More good food from the Blues Capitol of the World:
--Elfo's: This swanky restaurant sits out in Germantown, having recently moved east from parts closer to Memphis-proper. Everything about the place is chic. Understated white exterior, understated white interior with most black accents. Our table had a black-and-white photo of the old Elfo's liquor store hanging over it. The bar was well-lit; the actual restaurant had the usual soft-light-with-a-candle-on-the-table thing going on.
The food was great. Elfo's specializes in Italian cuisine, much more than your average spaghetti and meatballs. I chose the Mezzo, a combo plate featuring spaghetti in their fancy meat marinara (I think they called it "Tuscan gravy") and ravioli stuffed with various goodies (including meat, cheese, and spinach). It was delicious. Rachel went with the Elfo's version of chicken Parmesan, which, judging by the one bite I had, was also quite good. My favorite part, as usual, was the tiramisu. Simply to die for. Very light, semi-sweet, well balanced on the flavors. A+. On the night: 2 entrees, 1 basket of bread, 1 glass of wine, 1 tiramisu= $70.
--Blue Plate Cafe: The quintessential small American restaurant. The dimensions were roughly that of a small 50's starter home that had been freshened up with a coat of bright yellow paint and (you guessed it) blue plates everywhere. Judging by the menu, the place is apparently known for its pancakes. Half of us at the table had pancakes. I chose the Swiss chocolate chip. Good choice. The place is certainly not fancy, but it has a refreshing down-home feel (especially in a bigger city), and the food is good quality. There was also a line the entire time we were there. B+/A-. I couldn't tell you the cost of the meal; I love it when other people pick up the tab.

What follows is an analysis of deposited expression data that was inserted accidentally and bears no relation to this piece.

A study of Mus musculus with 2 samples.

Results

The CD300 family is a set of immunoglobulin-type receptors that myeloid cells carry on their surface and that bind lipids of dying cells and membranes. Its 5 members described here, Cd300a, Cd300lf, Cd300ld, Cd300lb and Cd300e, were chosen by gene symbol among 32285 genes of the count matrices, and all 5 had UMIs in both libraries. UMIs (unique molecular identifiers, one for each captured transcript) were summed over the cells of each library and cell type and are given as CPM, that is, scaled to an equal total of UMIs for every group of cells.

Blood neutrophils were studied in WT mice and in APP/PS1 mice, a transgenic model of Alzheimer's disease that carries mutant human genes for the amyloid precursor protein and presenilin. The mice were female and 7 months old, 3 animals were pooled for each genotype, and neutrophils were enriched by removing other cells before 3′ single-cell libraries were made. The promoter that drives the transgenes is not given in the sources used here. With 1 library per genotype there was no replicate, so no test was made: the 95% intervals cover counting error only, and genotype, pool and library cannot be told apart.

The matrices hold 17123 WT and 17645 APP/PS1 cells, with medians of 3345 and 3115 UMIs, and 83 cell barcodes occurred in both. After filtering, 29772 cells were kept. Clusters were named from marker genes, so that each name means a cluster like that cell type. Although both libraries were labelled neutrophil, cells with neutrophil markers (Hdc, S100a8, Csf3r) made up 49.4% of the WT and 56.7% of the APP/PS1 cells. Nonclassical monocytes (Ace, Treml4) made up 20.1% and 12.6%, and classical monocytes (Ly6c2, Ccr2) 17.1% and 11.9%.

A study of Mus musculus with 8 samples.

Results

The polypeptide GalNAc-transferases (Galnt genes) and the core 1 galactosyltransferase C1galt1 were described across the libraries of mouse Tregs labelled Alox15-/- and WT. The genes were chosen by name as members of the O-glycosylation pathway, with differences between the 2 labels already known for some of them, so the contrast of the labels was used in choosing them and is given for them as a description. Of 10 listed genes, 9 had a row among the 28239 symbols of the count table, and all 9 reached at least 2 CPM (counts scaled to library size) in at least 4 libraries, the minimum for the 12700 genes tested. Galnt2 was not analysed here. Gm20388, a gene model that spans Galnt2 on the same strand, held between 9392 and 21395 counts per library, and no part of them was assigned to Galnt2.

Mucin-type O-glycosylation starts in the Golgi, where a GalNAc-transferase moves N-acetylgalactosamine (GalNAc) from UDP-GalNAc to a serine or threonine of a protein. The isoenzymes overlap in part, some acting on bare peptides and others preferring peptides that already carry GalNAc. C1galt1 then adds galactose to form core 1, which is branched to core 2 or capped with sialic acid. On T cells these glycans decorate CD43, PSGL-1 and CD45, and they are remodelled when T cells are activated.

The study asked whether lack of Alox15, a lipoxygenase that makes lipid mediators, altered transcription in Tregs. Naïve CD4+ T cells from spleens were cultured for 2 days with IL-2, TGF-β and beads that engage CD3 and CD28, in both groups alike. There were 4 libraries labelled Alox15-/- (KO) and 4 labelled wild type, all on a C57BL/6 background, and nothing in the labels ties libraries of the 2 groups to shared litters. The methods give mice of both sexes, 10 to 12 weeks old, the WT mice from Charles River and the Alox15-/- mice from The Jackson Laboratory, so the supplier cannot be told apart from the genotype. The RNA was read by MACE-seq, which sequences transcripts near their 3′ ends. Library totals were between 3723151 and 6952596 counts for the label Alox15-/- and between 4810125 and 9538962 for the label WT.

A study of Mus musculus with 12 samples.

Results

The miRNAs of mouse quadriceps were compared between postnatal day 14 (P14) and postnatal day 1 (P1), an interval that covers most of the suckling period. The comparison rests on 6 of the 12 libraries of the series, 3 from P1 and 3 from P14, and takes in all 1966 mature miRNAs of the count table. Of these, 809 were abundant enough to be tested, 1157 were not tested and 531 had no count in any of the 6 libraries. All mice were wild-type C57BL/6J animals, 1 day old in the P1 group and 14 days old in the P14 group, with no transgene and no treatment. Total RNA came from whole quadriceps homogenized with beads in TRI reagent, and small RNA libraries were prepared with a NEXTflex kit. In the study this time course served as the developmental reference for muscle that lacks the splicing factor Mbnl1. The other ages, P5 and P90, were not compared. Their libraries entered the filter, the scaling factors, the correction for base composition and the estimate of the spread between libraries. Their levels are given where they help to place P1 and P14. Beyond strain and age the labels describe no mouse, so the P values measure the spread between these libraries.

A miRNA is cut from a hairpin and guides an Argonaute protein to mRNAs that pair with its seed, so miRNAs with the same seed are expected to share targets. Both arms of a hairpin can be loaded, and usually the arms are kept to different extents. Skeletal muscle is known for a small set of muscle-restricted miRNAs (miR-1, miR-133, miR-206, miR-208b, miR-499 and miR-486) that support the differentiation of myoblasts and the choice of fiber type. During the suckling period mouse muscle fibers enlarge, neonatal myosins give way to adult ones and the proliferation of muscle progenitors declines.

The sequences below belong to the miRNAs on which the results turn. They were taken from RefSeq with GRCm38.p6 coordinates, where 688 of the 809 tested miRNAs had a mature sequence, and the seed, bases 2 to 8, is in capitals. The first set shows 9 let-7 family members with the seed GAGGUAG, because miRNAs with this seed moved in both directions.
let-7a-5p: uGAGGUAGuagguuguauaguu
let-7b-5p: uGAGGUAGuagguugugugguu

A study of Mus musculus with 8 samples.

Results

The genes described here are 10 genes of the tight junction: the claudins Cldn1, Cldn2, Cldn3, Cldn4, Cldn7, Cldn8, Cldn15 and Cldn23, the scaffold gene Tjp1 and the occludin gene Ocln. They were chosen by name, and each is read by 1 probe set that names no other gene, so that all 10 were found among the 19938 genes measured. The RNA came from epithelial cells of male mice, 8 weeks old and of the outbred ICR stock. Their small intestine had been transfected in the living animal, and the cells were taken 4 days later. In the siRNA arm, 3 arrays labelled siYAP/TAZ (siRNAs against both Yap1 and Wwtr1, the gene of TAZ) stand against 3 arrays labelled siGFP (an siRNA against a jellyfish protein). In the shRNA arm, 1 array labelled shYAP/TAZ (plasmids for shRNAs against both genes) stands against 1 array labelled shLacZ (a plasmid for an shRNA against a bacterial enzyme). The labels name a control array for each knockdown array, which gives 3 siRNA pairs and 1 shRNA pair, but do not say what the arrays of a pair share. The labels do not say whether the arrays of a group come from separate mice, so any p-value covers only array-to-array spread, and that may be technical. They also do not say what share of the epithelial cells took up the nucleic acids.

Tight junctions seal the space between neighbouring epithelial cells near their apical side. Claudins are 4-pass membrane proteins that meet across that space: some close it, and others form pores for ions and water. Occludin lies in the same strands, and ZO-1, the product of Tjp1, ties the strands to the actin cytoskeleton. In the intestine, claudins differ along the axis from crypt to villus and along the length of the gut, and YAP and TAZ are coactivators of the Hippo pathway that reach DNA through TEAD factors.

That's pretty much everywhere we went that's worth reviewing.
Driving/walking through Memphis is both an art and a skill. The art comes from enjoying the nicer parts of the city. What we saw of downtown was mostly clean and well-planned. Beale Street carried with it the odor of urine, but that's familiar to just about any famous street in America (Bourbon Street, anyone?). Travelling east through Bartlett-Collierville-Germantown, the streets are well-maintained, the neighborhoods are at least nice, at most utterly luxurious (even if the million-dollar homes only have about 5 feet between them). Something I really love about the drive: they allow the trees to grow which (a) makes for a scenic drive and (b) provides some extra shade on the road. The Mud Island community, of course, had the beautiful river scenery. Memphis has done a pretty good job of utilizing its riverfront property (not quite the level of Chattanooga, on par with Nashville, much better than Clarksville or Knoxville).
The skill comes from carefully staying within a certain corridor as you travel east-west. DO NOT TRAVEL NORTH-SOUTH!!! We found that out as we were trying to get on the interstate. We were told when we first go to Memphis that this was the routine. The middle section of the entire county had been developed and improved for the new professional class in town. However, both to the north and to the south still have the "ghetto problem." This is were project housing is still predominate, the crime rate spikes, and people with common sense just don't go. The good news is that, with all the development, these areas are pretty much self-contained and isolated from the rest of the city, and most people have no reason to venture through there. If only someone had told that to my Garmin...
Still to come: why Memphis is better than Knoxville.